Longmont, Colo.-based Acertara Acoustic Laboratories, an independent ISO/IEC 17025:2017 accredited medical ultrasound acoustic measurement, testing, and calibration laboratory, and ISO 13485:2016 certified probe repair and new product development facility, announces that the U.S. FDA has granted Accreditation Scheme for Conformity Assessment (ASCA) accreditation to Acertara for ultrasound compliance testing that covers the following International standards: IEC/ISO60601-2-37 and IEC/ISO60601-2-5.

As stated on the FDA’s website, “The ASCA Pilot supports the FDA’s public health mission by providing increased confidence in testing results from ASCA-accredited testing laboratories. The ASCA Pilot:

  1. Potentially decreases the burden of individual premarket submissions when manufacturers rely on testing completed by ASCA-accredited testing laboratories
  2. Incorporates existing international conformity assessment standards and practices, where practical
  3. Was created using input from experts across the medical device manufacturing and standards conformity assessment communities.

The FDA adds that “the voluntary ASCA Pilot is intended to enhance product reviewers’ and device manufacturers’ confidence in medical device testing, which should decrease the need for the FDA to request additional information regarding testing methodologies when a premarket submission includes declarations of conformity to an FDA-recognized consensus standard eligible for inclusion in the ASCA Pilot.”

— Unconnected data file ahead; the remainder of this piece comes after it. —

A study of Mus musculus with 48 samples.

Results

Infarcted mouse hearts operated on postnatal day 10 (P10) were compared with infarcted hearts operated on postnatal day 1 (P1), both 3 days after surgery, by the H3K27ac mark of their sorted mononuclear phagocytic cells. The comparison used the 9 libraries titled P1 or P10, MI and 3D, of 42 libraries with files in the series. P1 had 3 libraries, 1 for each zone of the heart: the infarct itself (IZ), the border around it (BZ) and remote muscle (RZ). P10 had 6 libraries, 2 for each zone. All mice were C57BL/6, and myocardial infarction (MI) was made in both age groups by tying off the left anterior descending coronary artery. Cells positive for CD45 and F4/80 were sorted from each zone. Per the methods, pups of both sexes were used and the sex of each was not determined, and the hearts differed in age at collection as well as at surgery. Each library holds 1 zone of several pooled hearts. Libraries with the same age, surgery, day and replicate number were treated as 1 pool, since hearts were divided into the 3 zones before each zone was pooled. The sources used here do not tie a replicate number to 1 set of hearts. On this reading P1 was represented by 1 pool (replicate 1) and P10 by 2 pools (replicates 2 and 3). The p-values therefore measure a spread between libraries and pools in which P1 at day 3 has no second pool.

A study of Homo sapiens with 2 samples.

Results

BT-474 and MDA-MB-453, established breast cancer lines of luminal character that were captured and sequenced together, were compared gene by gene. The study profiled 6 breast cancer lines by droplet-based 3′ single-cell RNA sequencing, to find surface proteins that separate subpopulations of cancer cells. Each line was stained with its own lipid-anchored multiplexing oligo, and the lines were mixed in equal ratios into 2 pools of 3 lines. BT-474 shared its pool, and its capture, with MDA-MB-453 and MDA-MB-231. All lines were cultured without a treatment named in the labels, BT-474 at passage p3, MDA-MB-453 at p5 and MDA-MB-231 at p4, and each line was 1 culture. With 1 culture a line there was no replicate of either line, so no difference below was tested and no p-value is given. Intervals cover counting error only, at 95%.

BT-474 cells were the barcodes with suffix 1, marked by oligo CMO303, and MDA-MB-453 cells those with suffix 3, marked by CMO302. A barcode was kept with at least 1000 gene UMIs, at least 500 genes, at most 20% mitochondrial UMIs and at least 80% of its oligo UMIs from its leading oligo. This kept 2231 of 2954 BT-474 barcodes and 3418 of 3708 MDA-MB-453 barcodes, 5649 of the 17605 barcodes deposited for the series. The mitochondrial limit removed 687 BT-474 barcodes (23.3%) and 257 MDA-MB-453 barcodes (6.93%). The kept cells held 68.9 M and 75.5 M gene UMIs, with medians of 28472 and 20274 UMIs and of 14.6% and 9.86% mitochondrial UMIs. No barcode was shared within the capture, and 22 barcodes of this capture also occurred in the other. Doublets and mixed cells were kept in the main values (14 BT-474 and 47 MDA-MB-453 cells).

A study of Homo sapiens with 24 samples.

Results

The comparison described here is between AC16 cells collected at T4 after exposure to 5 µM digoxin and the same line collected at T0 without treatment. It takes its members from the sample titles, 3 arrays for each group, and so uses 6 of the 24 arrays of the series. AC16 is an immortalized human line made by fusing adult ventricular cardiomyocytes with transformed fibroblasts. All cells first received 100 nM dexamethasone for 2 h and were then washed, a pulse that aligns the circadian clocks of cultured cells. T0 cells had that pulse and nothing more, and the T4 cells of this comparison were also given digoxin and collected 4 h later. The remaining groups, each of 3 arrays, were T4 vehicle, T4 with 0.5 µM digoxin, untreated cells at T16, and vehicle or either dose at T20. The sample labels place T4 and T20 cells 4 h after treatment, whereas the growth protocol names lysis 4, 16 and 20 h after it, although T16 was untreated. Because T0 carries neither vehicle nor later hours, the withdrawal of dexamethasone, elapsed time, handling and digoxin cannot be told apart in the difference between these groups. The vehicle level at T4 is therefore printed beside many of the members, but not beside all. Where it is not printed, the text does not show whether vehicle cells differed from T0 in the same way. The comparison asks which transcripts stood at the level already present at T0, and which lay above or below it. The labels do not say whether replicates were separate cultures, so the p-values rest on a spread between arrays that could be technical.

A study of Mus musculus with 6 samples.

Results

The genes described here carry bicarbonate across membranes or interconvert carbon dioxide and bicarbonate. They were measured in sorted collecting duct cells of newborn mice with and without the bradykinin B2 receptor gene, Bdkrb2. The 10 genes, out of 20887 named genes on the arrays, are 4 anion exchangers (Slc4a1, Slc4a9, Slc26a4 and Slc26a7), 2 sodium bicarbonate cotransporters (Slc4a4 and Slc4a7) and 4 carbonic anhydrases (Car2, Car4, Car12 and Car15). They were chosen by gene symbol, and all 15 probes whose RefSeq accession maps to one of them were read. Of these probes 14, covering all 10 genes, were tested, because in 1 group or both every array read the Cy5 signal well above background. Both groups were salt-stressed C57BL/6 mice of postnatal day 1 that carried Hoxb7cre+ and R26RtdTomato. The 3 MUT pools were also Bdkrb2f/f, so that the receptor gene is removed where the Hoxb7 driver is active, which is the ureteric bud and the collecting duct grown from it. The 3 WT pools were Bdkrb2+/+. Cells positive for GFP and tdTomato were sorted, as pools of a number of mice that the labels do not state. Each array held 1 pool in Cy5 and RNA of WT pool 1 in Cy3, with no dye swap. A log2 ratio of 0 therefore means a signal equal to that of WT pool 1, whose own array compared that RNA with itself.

Acertara is the only independent ultrasound testing facility in the world that has been granted this accreditation, company officials say. Plus, it’s now part of Acertara’s IEC/ISO 17025:2017 accredited services and is listed on the FDA ASCA website.

Commenting on this milestone, Levi Moore, Acertara’s president and COO, says, “We’re excited to receive the recognition from the FDA that extends our years of successful acoustic testing in support of ultrasound submissions to drive faster 510(k) reviews for our OEM customers. The whole ultrasound community has been working hard to develop new technologies that help patients—now those essential technologies can help patients sooner.”